Tatanka: Buffalo

by Virginia Driving Hawk Sneve

   The rising sun rose with glittering brightness that almost blinded two hunters. In dazzling light they saw a beautiful young woman all dressed in white.

   “I am from the Tatanka Oyate, Buffalo People,” she said. “They sent me to talk to your people. Go and tell them I am coming and to prepare a council tipi for me.”

   She was so beautiful that one of the young men tried to reach for her. The other man warned, “Don’t!”

   It was too late. A crash of thunder, clouds and lightning exploded around the man. When it cleared, he was a crisp skeleton on the ground.

   The other man trembled and could not look at the woman. She said, “Don’t be afraid. I will not harm you. Now go to the Lakota.”

   He ran to the village and told the people what happened and what they must do. They rushed to get everything ready. She came and walked to the council tipi with its door to the east.

   “I am your sister,” she said. “Wakan Tanka, the Great Spirit, sent me to instruct you.”

   From her bundle, she lifted a red stone pipe before them. “See the sacred pipe,” she said. “Use it only for peace and never for war.”

   “My sisters,” she addressed the women. “You will not lay with a man until you get married and you will always be faithful to your husband. You have hard things to do in your life. You have pain when you have babies, and it is difficult to raise children. You are important, because without you there would be no people.

   “My brothers,” she said to the men, “You must have good thoughts about girls, so that they will be pure when they marry. When you take wives, be kind to them and all elders.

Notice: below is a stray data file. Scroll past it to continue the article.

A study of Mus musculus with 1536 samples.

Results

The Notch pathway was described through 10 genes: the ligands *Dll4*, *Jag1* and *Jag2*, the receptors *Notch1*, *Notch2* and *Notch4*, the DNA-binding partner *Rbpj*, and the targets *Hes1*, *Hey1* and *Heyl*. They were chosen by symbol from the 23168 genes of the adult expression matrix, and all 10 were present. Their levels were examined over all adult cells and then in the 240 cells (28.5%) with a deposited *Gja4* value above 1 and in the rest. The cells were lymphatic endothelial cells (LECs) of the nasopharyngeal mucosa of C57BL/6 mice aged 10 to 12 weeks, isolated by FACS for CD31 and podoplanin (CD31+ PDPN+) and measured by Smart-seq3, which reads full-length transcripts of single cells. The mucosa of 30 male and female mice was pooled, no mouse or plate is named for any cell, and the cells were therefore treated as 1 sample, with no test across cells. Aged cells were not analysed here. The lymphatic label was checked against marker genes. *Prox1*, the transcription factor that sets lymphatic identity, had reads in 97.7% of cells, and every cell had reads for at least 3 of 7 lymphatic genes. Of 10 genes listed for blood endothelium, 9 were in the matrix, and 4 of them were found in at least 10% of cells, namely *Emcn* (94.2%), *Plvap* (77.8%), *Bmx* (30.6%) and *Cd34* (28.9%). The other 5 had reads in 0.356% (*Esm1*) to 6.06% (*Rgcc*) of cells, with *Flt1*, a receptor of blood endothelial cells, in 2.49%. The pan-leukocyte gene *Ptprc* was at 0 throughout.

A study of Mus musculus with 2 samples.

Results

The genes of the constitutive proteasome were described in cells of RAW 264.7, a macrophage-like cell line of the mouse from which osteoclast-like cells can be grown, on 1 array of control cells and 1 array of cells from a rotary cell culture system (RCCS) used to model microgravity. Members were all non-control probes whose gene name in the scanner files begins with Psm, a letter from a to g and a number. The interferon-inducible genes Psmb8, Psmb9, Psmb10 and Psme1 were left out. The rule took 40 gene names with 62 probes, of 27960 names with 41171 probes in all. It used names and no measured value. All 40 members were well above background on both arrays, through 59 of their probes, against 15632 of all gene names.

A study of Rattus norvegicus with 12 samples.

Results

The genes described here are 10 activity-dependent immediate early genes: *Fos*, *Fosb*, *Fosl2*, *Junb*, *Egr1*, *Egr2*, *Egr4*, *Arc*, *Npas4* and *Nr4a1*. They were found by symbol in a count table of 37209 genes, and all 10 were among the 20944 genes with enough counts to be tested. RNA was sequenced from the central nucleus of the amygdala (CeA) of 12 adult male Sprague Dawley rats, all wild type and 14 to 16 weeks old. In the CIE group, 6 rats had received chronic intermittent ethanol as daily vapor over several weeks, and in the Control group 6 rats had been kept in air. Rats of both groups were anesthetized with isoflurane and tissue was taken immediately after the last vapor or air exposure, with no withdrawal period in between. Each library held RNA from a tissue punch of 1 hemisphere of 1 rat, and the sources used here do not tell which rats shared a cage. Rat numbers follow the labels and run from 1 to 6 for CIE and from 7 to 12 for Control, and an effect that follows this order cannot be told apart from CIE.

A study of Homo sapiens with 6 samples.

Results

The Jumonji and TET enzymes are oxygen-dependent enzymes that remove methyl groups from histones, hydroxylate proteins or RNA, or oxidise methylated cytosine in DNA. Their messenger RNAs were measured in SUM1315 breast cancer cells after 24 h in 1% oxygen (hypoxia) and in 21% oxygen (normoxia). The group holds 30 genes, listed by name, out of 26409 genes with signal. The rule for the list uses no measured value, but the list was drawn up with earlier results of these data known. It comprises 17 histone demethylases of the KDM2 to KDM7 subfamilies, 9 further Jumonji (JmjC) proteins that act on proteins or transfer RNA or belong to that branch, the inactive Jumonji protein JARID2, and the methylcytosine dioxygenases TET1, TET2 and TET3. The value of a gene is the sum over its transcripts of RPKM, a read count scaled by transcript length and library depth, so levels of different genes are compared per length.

She stayed with the people four days and taught them how to use the pipe for healing and in seven sacred ceremonies. Then she left, and walking back to the east, turned into a white buffalo calf; this is why no one kills a white buffalo calf.

   The Lakota lived by the woman’s instructions and there was peace and harmony in their camps.

   Tatanka was the main food source. The women cooked the meat in a bowl made by stretching the buffalo’s stomach over a wooden frame. They filled the bowl with water and heated it with hot stones then added the meat to cook. When the food was ready, both meat and stomach were consumed. A favorite dish was wasna, also known as pemmican. Women pounded dried meat and berries into fine bits to mix with suet. It was a tasty treat when the village was on the move or for hunters who needed didn’t have time to cook a meal. The children learned that the buffalo sustained them and they should give thanks to Tatanka whenever they slept in a tepee, ate or used any part of the beast.

   Then the white men arrived, and the Indians traded buffalo hides for guns, iron kettles and calico. The white men’s desire for the hides led to mass killings of docile herds, leaving rotting carcasses on the plains. This, in turn, led to starvation among the Indians, which, combined with alcohol, weakened the tribes; they were confined to reservations.

   Alcohol use led to abuse of women and children, yet even in reservation confinement, women formed White Buffalo Calf Societies to provide a safe haven for the victims.

   On reservations, the U. S. government banned native religion, yet Lakota elders kept Tatanka’s values in their hearts so that the young would know them. In secret, they continued the rituals and used the sacred pipe to bring peace to troubled spirits.

   Today, our tribes, and others, raise buffalo on the open prairies where they once thrived. Its delicious, low-fat meat is helping us combat the obesity and diabetes problems that plague the reservations. To see the buffalo on this land lifts our spirits. Tatanka is, once again, sustaining our people.


Virginia Driving Hawk Sneve is an enrolled member of the Rosebud Sioux tribe in South Dakota. She is a retired educator after 30 years in Bureau of Indian Affairs Schools, SD Public Schools and an adjunct instructor for Oglala Lakota College, Rapid City. Her first book was released in 1972 and since then she has published 28 books, numerous short stories, articles and poems. Her latest book is Standing Bear: a Ponca Chief, for the University of Nebraska Press, 2013.